Native Village Youth and Education News
November, 2009   Volume 2

Kids Study the Dark Side of Columbus
By CHRISTINE ARMARIO
http://news.aol.com/article/students-learn-about-the-dark-side-of/712947
Condensed by Native Village

TAMPA, Fla.  During October, classrooms across the country celebrated Christopher Columbus's voyage to the New World as feats of navigation and raw courage. But in others schools Columbus's stature has declined, and many districts no longer observe his namesake holiday.

Today, many teachers are offerin more balanced lessons of events after the Italian-Spanish explorer reached the Caribbean. They talk about the suffering of indigenous populations, beginning with the
Arawak (Taino) peoples.
 

  "I talk about the situation where he didn't even realize where he was," said kindergarten teacher Jeffery Kolowith.   "And we talked about how he was very, very mean, very bossy."

  "The whole terminology has changed. You don't hear people using the world 'discovery' anymore like they used to. 'Columbus discovers America.' Because how could he discover America if there were already people living here?"" said James Kracht,  Texas A&M College of Education and Human Development.

  In Texas, students start learning in the fifth grade about the "Columbian Exchange" where not only gold, crops and goods were shipped back and forth across the Atlantic Ocean, but also diseases carried by settlers that decimated native populations.

   4th-grade students in McDonald PA put Columbus on trial this year charging him with misrepresenting the Spanish crown and thievery. They found him guilty and sentenced him to life in prison. "In their own verbiage, he was a bad guy," said teacher Laurie Crawford.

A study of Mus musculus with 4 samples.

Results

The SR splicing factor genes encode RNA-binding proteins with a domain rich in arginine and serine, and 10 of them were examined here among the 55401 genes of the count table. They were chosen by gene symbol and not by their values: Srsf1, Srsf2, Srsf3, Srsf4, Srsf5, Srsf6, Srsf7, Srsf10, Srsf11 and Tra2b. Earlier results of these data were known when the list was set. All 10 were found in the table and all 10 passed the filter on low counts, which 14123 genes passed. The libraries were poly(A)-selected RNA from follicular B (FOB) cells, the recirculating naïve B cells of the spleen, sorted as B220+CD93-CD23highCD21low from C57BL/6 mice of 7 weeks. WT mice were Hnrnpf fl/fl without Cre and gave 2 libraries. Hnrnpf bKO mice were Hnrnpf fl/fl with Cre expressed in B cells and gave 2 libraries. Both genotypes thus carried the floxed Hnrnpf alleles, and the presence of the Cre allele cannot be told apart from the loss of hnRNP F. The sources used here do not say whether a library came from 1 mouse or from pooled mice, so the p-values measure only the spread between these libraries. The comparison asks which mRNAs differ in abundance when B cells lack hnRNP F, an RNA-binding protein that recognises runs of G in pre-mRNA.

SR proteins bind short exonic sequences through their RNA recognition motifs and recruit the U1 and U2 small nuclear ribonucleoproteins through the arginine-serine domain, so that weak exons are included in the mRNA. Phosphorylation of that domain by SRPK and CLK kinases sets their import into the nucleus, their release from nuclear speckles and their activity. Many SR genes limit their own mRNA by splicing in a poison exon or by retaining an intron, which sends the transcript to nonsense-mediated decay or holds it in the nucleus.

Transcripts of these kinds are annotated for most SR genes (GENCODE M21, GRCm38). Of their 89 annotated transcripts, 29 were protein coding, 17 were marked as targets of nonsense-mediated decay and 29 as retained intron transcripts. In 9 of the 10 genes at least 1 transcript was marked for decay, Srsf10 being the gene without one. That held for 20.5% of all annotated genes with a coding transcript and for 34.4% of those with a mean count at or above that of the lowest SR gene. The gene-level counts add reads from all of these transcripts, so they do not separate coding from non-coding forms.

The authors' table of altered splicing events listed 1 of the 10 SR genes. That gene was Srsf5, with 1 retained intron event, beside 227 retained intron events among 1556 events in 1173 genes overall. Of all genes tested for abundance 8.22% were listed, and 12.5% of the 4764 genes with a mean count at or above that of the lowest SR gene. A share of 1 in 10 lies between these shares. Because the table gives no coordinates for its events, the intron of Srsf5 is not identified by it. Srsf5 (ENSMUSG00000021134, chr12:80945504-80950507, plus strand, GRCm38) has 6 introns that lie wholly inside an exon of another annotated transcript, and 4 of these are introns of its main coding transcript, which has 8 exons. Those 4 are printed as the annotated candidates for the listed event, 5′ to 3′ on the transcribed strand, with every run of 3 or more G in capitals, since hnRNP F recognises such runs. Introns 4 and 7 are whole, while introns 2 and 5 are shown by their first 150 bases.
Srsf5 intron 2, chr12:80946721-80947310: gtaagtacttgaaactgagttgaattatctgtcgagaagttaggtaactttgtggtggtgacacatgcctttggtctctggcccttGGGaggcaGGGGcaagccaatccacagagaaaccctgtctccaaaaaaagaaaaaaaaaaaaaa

"We have a very large Alaska native population, so just the whole Columbus being the founder of the United States, doesn't sit well with a lot of people, myself included" said Paul Prussing from Alaska's Division of Teaching and Learning Support.

  New York City, Washington and Chicago schools will no longer be closed for "Columbus Day."

Some people claim the discussion has shifted too far. Patrick Korten, a vice president within the Knights of Columbus organization, mentions a lesson at a New Jersey school.  Some students were forced to stand in a cafeteria and not allowed to eat while other students teased and intimidated them apparently so they could better understand the suffering indigenous populations endured because of Columbus.

"My impression is that in some classrooms, it's anything but a balanced presentation," Korten, said.  "That it's deliberately very negative, which is a matter of great concern because that is not accurate."

"Every hero is somebody else's villain," said Felipe Fernandez-Armesto, a scholar and author of several books related to Columbus, including "1492: The Year the World Began."  "Heroism and villainy are just two sides of the same coin."